Osama bin Laden’s Al-Qaeda network has taken up the cause of China’s Muslim Uighur minority with a pledge to attack Chinese workers in North-Western Africa in retaliation for mistreatment by Beijing of its largest Muslim minority in Urumqi. The Algerian based Al-Qaeda offshoot, the Al-Qaeda in the Islamic Maghreb (AQIM) has threatened to target the 50,000 Chinese nationals in North-Western Africa.
It is the first time that any al-Qaeda group has threatened China or its interests and illustrates the high price that Beijing may pay for the riots in Urumqi, in which at least 136 Han Chinese and 46 Uighurs died last week. Though an expert assessment does not suggest there is any direct link between Uighur Muslims in Xinjiang province and al-Qaida. It also suggests it is unlikely that al-Qaida's central leadership has decided to stage attacks within China.
Security remains tight in Urumqi, capital of Xinjiang, after two Uighurs were shot dead by police yesterday and a third wounded in a street fight, the details of which remain unclear. Everyone in the city must now carry their identity card or driving licence or they will be taken away for interrogation.
AQIM, which wants to impose an Islamic state in Algeria, was founded in the mid-1990s and pledged allegiance to Osama bin Laden in 2003. The huge oil and gas reserves in Xinjiang, as well as the web of pipelines that run through the province, funnelling energy from Kazakhstan and Russia all the way to Beijing and Shanghai, make the province vital to China's interests.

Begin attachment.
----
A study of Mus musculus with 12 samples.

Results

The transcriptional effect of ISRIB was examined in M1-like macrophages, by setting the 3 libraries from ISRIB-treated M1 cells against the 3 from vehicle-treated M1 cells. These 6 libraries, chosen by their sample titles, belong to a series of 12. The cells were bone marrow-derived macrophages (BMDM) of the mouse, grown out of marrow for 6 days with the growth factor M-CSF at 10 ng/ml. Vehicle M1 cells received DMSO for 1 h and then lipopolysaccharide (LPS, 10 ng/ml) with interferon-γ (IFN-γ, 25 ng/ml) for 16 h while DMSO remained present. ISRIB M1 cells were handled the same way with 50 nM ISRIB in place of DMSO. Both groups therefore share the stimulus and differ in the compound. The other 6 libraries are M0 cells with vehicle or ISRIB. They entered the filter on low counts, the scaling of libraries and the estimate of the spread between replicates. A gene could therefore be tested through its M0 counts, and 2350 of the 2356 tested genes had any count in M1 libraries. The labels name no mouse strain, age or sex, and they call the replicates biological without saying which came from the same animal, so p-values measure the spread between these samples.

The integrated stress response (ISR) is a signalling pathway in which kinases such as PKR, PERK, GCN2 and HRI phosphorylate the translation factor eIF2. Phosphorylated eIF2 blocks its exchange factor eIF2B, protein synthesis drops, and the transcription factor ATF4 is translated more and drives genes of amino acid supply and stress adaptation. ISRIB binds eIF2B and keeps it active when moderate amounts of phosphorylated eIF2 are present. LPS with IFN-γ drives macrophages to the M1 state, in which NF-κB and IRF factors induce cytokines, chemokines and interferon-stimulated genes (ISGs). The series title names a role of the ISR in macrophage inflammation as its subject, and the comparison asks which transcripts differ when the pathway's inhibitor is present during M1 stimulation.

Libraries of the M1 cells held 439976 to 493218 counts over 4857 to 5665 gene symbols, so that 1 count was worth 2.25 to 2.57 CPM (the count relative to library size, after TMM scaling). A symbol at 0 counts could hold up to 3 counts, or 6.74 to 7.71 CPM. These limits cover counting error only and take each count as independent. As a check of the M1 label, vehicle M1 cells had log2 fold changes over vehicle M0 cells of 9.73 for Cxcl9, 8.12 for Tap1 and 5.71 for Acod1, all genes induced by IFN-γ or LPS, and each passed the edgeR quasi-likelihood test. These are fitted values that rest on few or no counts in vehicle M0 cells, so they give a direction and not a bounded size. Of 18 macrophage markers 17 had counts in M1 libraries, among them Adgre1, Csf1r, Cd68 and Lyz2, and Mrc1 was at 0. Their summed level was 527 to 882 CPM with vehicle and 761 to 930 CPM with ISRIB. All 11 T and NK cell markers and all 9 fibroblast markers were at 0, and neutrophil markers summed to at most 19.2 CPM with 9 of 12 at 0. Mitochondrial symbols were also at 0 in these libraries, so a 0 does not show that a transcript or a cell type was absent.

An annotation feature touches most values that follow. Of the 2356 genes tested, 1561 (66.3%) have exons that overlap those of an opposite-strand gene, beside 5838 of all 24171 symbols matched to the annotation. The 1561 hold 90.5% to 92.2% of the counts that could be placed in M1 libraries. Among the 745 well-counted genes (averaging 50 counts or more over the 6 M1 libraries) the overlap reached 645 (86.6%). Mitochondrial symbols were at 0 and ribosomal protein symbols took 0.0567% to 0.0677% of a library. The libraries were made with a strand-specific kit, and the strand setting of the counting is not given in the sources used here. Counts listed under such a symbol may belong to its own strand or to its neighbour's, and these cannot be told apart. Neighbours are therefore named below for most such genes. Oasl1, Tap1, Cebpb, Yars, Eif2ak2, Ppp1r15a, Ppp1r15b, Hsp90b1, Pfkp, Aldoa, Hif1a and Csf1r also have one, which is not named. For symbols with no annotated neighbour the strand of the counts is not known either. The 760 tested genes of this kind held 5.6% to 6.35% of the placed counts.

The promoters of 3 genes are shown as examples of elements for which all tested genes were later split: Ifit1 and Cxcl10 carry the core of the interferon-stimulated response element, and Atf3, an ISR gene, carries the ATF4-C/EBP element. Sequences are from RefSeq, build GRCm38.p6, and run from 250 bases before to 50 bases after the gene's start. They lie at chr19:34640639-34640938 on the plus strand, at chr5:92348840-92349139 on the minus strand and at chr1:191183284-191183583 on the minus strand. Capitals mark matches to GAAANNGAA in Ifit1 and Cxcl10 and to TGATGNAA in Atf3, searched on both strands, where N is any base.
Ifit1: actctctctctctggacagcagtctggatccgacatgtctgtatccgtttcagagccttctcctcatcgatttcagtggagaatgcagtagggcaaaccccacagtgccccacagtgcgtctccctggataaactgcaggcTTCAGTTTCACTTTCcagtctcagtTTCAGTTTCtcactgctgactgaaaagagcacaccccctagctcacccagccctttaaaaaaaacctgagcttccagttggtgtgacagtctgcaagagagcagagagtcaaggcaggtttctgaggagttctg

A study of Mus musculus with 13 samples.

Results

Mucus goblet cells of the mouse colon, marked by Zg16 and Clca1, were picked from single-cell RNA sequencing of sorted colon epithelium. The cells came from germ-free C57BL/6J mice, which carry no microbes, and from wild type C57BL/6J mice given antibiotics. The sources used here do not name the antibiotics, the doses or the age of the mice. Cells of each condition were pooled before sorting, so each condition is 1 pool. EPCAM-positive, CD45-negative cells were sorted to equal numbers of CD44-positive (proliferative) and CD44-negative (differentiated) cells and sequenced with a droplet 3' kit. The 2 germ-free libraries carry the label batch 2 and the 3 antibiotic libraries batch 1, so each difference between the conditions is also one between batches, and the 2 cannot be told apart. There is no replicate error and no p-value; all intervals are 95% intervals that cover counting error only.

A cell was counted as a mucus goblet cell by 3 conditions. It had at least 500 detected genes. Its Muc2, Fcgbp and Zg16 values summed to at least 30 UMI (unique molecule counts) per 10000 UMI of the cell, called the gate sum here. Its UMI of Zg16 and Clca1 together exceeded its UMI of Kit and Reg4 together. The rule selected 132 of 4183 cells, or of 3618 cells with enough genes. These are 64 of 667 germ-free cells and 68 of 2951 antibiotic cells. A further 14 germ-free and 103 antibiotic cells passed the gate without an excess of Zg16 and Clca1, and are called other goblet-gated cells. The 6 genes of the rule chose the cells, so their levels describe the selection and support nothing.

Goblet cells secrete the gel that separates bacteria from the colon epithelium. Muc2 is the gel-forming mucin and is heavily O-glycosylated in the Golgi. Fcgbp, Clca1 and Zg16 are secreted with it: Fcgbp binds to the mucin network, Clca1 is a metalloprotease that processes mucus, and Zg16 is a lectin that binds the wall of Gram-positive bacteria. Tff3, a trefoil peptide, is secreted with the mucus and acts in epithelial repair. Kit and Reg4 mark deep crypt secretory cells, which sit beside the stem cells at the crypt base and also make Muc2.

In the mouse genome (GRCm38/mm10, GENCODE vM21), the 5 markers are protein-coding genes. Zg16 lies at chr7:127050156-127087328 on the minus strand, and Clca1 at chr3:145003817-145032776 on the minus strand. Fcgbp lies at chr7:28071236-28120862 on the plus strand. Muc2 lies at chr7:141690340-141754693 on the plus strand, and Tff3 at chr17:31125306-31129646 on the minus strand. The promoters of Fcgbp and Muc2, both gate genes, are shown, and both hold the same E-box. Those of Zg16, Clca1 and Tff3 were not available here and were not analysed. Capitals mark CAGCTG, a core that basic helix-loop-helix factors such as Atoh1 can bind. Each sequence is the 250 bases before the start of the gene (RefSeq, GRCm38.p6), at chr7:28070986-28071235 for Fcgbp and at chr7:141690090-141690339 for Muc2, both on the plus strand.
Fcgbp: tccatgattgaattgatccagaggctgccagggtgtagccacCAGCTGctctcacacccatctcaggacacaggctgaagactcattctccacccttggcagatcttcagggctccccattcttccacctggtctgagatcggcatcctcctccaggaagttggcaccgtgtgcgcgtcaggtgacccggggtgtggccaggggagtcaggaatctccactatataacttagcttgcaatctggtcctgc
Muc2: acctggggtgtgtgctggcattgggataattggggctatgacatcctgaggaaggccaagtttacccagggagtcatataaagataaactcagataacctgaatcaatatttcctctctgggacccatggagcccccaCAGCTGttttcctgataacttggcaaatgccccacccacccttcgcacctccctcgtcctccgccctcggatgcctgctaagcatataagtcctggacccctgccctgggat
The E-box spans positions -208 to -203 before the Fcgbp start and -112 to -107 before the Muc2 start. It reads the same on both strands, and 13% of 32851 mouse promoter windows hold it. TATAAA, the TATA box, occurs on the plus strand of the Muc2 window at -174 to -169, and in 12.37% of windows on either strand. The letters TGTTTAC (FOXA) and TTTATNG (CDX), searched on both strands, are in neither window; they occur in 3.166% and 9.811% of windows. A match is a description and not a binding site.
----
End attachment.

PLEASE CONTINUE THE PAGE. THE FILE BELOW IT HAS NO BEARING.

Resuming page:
However, China's policy of total control has upset Islamic states, especially in the past week. Protesting Muslims in Indonesia called for a jihad against China on Monday, clashing with police outside the Chinese embassy in Jakarta.
Shootings follow inter-ethnic clashes in Urumqi in which government says 184 people died Chinese police shot dead two men and injured a third as the trio attacked a fellow Uighur in the riot-hit capital of north-western Xinjiang province today, officials have announced.
The violence follows last week's inter-ethnic clashes between Uighurs and Han Chinese in Urumqi, in which the government says that 184 people were killed and 1,680 wounded. It has warned that the death toll could rise.
Police fired warning shots today when they saw three Uighurs with long knives chasing an injured Uighur man, but the men then turned on the officers, officials said.
They shot dead two Uighurs with knives and injured another one, who is now in hospital receiving treatment. Around 20,000 security personnel are stationed in the city, but officials said the officers involved were regular police rather than paramilitaries. They were on patrol in the Tianshan district, close to a Uighur area, when the incident happened shortly before 3pm.
It is rare for the authorities to publish details of this kind of case so quickly.
A Chinese-language daily newspaper is being published in Botswana. Chinese entrepreneur Miles Nan recently launched The Oriental Post - Africa's first paper in Chinese - to serve the 5,000-plus Chinese inhabitants living in Botswana, few of whom are able to read English.
"In launching the paper I wanted to improve relations between the Chinese and Botswanas. The Chinese could learn a lot about the culture and diversity in Africa. We also want to publish a few pages in English so that the Botswanans can find out about us too. Concerning Chinese politics, We shouldn't, and we don't, publish anything and everything. It's just like that."
Nan, who has lived in Botswana for 10 years and is ceo of a construction company in the Botswana capital, Gaborone, is also secretary general of the Chinese chamber of commerce.